Microcomputer experimentation with the Synertek SYM-1

Written in English

Subjects:

  • Synertek SYM-1 (Computer) -- Laboratory manuals.

Book details:

Edition Notes

StatementLance A. Leventhal.
Classifications
LC ClassificationsQA76.8.S95 L48 1983
The Physical Object
Paginationxi, 500 p. :
Number of Pages500
ID Numbers
Open LibraryOL3496512M
ISBN 10013580910X
LC Control Number82016565
OCLC/WorldCa8764634


The SYM-1 is similar to the KIM-1, another single board computer (SBC) which was released by MOS two years earlier, in While more advanced than the KIM-1, the SYM-1 was designed to use the same peripheral cards and data storage protocols for compatibility reasons. Content on this site has been published under a Creative Commons License CC BY-NC-SA Feel free to publish it on your websites, blogs under the following conditions: You must give appropriate credit, mention the author and provide a link to this original publication and to the license indicated above. The Synertek SYM-1 Resources section contains manuals and binaries for the SYM-1, including its monitor, RAE, the BASIC interpreter, and more. Tangerine Microtan 65 The Microtan65 Page - Fabrice Frances has a site dedicated to the Tanbert Microtan65, a lesser-known early computer. Fabrice also hosts Oric World.   Synertek went on to produce the popular SYM-1 microcomputer. Ray Holt did some early microprocessor development work for use in the F Tomcat aircraft. This work was classified and Ray's design work during the period to may have been the very first microprocessor chip set. Super Jolt Computer.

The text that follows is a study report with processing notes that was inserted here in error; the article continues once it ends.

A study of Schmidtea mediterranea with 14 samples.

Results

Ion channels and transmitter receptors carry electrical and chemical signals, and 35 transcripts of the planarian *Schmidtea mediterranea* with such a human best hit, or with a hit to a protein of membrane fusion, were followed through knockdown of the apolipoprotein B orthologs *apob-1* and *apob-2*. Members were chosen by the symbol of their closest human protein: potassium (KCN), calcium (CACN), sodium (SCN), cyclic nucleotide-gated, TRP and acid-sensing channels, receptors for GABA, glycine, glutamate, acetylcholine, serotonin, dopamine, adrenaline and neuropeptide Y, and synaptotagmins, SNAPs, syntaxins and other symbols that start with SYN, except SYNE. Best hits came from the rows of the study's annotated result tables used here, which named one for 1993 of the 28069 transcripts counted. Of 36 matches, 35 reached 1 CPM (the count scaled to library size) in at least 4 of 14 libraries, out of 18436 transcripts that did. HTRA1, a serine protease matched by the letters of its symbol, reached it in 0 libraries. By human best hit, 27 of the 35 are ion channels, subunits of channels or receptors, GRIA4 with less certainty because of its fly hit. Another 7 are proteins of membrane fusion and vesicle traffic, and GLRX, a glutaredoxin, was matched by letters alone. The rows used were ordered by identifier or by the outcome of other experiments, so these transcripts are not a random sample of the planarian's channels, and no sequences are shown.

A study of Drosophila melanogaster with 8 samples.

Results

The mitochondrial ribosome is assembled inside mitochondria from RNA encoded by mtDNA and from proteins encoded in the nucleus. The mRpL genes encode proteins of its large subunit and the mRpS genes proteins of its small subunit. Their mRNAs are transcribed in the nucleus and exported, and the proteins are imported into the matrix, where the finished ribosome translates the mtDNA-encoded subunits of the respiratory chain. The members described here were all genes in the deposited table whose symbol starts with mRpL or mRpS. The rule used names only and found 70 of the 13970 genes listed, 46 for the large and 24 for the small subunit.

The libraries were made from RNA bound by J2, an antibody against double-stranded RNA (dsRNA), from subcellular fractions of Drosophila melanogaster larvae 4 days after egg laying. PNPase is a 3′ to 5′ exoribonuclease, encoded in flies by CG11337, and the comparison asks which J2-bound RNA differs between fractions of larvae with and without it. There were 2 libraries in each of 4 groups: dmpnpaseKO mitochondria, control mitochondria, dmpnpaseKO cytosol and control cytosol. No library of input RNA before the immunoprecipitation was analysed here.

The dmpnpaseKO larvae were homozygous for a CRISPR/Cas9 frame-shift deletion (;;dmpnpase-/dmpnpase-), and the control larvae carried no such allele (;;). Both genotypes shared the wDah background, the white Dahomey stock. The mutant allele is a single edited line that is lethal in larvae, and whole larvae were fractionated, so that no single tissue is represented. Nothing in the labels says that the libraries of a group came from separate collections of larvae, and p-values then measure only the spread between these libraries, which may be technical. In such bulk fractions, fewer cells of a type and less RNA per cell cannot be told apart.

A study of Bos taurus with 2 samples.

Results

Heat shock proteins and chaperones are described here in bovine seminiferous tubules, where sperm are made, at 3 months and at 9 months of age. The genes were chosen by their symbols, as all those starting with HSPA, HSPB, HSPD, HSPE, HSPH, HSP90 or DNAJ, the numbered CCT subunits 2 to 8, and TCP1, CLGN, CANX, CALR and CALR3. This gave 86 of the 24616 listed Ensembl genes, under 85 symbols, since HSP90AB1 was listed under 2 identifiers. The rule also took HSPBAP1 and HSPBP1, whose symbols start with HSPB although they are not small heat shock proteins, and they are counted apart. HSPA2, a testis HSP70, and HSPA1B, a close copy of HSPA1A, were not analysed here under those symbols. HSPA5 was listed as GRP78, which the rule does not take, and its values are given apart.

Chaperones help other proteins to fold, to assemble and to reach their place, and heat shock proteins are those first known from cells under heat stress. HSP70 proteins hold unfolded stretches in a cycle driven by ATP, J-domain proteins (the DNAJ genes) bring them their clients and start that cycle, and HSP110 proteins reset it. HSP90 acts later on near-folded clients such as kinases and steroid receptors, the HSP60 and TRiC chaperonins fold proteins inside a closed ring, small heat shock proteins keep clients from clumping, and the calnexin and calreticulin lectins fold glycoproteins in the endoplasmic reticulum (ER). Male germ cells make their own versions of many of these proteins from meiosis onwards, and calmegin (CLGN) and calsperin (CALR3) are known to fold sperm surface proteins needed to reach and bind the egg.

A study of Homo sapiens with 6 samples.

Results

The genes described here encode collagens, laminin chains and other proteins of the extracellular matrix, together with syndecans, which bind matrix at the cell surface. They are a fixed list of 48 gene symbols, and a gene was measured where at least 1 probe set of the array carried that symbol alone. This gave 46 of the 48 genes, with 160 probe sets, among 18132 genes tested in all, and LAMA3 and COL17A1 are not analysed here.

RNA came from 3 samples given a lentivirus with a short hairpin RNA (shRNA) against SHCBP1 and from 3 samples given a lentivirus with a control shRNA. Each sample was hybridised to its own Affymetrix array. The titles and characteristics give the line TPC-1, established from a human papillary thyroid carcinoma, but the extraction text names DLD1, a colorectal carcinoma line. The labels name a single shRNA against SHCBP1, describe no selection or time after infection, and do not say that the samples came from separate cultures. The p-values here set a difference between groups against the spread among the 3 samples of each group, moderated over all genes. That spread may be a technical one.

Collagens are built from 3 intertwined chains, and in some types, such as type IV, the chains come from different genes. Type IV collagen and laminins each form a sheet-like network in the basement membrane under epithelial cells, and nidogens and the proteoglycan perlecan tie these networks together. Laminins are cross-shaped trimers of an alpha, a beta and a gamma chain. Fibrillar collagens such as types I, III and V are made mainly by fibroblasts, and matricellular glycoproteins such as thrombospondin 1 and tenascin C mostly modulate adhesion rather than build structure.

Synertek acquired Microcomputer Associates, Incorporated, consisting of engineers Manny Lemas and Ray Holt, after which it was renamed Synertek Systems, Inc. and established as a subsidiary. In , Synertek Systems released a based single board computer/evaluation kit called the SYM-1, a derivative of MOS Technology/Commodore. Microcomputer Experimentation With the Synertek Sym ISBN () Softcover, Prentice Hall, Founded in , has become a .   Synertek Systems SYM Massimo Sernesi sent me PDFs of the SYM-1 manuals and related items. The SYM-1 was essentially a KIM-1 clone with an expanded feature set. SYM-1 Reference Manual: Title page to Chapter 3 (mb) Chapter 4 (mb) Chapter 5 (mb) Chapters 6 - 9, Appendix A-H (mb) Appendix I - L (chip data sheets, mb). Microcomputer Operating Systems. Mark Dahmke. McGraw-Hill/Byte Books, - Computers - pages. 0 Reviews. What should an operating system do? The small-system monitor. Medium to large systems. Multiuser and multiprogramming environments. Multiprocessing environments. Memory management. The machine-independent environment.